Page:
Eased requirements on unemployment benefits, school safety reports, alcohol sales advance

Sen. Megan Hunt speaks Tuesday (NET screenshot)

Nebraska lawmakers on Tuesday advanced proposals to make it easier to get unemployment benefits, report school safety concerns, and buy alcohol.

Nebraska law on unemployment insurance currently allows people who quit to get benefits only if they leave for one of a list of 10 good causes, ranging from discrimination to job-related injuries. Under a proposal by Sen. Megan Hunt, quitting to take care of a seriously ill family member would be added to that list. In debate Tuesday, Hunt said the pandemic has highlighted the need for a change. She said the proposal would benefit low-income people who might not be able to pay someone to care for their family member, and women, who are often the caregivers. And she stressed it would affect only people who had tried to keep their jobs.

“The provisions in this bill require that the person has made all reasonable efforts to preserve their employment, but has had to leave employment to care for a family member with a serious condition.  You’re only eligible for unemployment under this bill if you’re seeking a new job. And these individuals would be subject to the same job search requirements as any other claimant. So really what we’re covering with this bill are situations where someone has had to leave one job, but they’re looking for another job,” Hunt said.

Sen. Mike Moser of Columbus opposed the bill, focusing on the cost.

“If you allow people to quit and take care of -- which is a worthwhile cause, don’t get me wrong – to help family members, it’s going to increase the amount of losses or benefits paid out in the unemployment fund. And if you don’t charge the individual employers for those funds, then the whole fund balance is going to go down, and either the state has to pay into that to keep it solvent, or they have to raise rates on everyone, every employer, to get that balance up,” Moser said.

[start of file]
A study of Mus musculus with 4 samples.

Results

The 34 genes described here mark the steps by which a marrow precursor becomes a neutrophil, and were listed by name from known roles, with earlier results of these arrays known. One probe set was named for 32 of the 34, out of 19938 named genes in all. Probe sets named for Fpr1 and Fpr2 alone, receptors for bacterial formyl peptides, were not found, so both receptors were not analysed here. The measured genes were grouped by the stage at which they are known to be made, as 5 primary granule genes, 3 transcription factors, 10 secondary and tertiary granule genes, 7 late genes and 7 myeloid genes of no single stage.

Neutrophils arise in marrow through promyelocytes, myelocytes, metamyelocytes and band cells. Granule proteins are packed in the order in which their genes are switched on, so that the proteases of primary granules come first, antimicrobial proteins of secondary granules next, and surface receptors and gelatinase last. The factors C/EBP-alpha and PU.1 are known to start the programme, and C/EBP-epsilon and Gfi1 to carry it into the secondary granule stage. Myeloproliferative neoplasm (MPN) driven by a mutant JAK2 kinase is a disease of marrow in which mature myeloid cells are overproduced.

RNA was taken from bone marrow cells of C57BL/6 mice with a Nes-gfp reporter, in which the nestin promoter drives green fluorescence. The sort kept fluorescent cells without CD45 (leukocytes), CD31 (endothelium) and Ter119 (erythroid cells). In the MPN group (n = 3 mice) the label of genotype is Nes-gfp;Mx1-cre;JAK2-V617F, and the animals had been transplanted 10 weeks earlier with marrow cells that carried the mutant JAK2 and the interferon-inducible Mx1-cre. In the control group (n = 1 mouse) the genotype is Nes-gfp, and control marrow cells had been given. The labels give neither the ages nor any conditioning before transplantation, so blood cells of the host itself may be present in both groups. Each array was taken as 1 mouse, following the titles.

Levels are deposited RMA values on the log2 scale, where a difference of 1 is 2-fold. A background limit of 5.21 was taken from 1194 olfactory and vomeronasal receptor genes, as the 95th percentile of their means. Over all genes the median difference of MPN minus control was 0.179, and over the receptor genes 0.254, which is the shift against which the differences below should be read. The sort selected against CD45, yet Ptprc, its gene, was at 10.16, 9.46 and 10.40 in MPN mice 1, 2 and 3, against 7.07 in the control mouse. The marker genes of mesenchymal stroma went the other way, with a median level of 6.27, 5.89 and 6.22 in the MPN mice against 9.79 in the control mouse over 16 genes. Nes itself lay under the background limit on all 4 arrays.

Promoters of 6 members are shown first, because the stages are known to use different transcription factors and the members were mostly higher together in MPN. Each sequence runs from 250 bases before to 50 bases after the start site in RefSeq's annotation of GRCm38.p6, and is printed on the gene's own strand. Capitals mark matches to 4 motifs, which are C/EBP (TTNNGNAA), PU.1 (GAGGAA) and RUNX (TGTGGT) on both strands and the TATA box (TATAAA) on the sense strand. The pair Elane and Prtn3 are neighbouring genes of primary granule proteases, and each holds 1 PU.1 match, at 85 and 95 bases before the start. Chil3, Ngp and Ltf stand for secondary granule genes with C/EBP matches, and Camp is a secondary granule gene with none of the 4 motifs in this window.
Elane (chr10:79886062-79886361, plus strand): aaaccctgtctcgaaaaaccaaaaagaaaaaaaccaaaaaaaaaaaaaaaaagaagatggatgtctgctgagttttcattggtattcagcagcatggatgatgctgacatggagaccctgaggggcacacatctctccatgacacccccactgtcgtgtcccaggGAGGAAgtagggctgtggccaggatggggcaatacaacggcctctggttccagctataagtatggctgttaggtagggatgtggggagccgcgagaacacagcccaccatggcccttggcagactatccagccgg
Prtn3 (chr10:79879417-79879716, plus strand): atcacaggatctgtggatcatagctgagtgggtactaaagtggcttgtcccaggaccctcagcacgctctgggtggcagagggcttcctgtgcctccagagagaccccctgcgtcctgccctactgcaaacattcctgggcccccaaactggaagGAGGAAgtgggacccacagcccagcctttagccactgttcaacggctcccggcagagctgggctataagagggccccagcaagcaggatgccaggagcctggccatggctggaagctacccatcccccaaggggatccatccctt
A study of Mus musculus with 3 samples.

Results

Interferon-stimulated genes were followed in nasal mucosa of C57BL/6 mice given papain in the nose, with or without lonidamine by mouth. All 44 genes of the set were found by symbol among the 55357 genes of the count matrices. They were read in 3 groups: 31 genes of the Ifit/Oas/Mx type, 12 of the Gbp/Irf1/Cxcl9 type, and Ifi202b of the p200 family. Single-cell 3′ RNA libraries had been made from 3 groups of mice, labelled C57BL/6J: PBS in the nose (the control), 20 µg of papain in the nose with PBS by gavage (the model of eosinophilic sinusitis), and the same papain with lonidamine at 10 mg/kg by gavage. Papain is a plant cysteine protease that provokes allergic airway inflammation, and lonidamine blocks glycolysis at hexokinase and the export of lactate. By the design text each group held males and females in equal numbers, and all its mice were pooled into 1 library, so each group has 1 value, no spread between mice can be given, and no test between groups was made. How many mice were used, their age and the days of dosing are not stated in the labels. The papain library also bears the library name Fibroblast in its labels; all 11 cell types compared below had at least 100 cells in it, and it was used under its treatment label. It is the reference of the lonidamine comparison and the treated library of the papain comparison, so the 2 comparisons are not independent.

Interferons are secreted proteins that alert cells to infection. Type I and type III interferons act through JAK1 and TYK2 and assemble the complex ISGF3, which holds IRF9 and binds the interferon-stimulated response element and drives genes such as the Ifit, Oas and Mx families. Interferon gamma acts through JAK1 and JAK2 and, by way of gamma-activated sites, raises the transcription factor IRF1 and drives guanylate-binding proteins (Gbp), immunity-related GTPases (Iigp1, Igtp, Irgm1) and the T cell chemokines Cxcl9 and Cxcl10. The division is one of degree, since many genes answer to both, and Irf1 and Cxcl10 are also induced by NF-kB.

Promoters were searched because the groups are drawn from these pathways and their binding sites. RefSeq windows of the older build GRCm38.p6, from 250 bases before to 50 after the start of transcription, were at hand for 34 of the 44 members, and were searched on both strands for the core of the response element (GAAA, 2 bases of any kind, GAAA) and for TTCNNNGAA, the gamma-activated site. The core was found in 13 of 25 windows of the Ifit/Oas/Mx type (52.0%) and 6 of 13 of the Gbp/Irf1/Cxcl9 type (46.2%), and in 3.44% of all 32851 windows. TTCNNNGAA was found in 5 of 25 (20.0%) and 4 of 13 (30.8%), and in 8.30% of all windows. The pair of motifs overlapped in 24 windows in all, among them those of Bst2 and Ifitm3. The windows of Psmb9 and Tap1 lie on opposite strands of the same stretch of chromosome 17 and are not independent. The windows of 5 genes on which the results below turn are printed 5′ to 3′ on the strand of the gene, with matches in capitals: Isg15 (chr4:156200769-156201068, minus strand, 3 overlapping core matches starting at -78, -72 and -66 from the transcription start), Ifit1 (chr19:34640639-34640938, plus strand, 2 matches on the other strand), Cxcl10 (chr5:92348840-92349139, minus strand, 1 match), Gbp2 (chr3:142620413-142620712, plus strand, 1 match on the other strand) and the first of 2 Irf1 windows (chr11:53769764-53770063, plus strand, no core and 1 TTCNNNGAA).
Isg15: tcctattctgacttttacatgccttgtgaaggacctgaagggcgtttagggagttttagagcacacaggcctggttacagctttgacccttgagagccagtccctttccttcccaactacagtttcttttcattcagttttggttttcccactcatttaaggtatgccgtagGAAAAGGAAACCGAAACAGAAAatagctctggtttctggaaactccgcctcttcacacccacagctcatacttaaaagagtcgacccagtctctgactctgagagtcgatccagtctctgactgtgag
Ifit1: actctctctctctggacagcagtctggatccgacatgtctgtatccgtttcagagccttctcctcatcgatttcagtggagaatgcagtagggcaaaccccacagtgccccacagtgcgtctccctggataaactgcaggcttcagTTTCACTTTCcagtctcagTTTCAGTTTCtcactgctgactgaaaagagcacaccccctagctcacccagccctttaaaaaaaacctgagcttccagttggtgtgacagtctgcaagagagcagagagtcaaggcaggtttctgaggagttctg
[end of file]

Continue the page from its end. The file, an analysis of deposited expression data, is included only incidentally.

Senators voted 27-11 to give the bill first-round approval.

On school safety, senators debated Sen. Matt Williams’ proposal to set up a hotline people could call to report concerns ranging from the threat someone would commit suicide to potential violence against schools. The proposal is modeled after a pilot program that’s been running in Douglas County.

Williams says the fact that people can call in anonymously increases the chances that someone will report. A number of senators questioned whether that was truly a benefit, including Sen. Curt Friesen.

“If somebody is pranking someone and they make a false call with absolutely no basis – just wanting to get a reaction, prank call -- but they report someone as being unstable and there’s guns in the home, and suddenly the red flags go up, and they go there and they find out none of it is true, is there any repercussions for the prankster that called in?” Friesen asked.

“If it’s anonymous they wouldn’t have any record of that, Sen. Friesen.  That was certainly not the cases that happened in the pilot program in Douglas County. The listing of the calls that came it, the 480 of them, I don’t know that there was one prank call in that whole bunch,” Williams replied.

Senators gave second-round approval to the bill on voice vote.

And on alcohol regulation, lawmakers debated a bill that would allow supermarkets and convenience stores to sell alcohol to people in cars and put it in their trunk. That was illegal in the state, but has been permitted during the pandemic, and this bill would make that part of state law going forward.

Sen. Steve Erdman questioned Sen. Anna Wishart about a requirement that the alcohol be accompanied by a food order.

“So, if I order a bag of peanuts and a quart of whiskey, would that be a grocery order that I could pick up out of my car?” Erdman asked.

“Yes,” replied Wishart.

“So, shouldn’t there be a requirement or a minimum grocery purchase before it can be considered a grocery list?” Erdman continued.

“No,” Wishart answered.

“Why would you say no?” Erdman continued.

“Because people are currently doing this right now, and the sky is not falling,” Wishart said.

Senators also gave second round approval to that bill on a voice vote.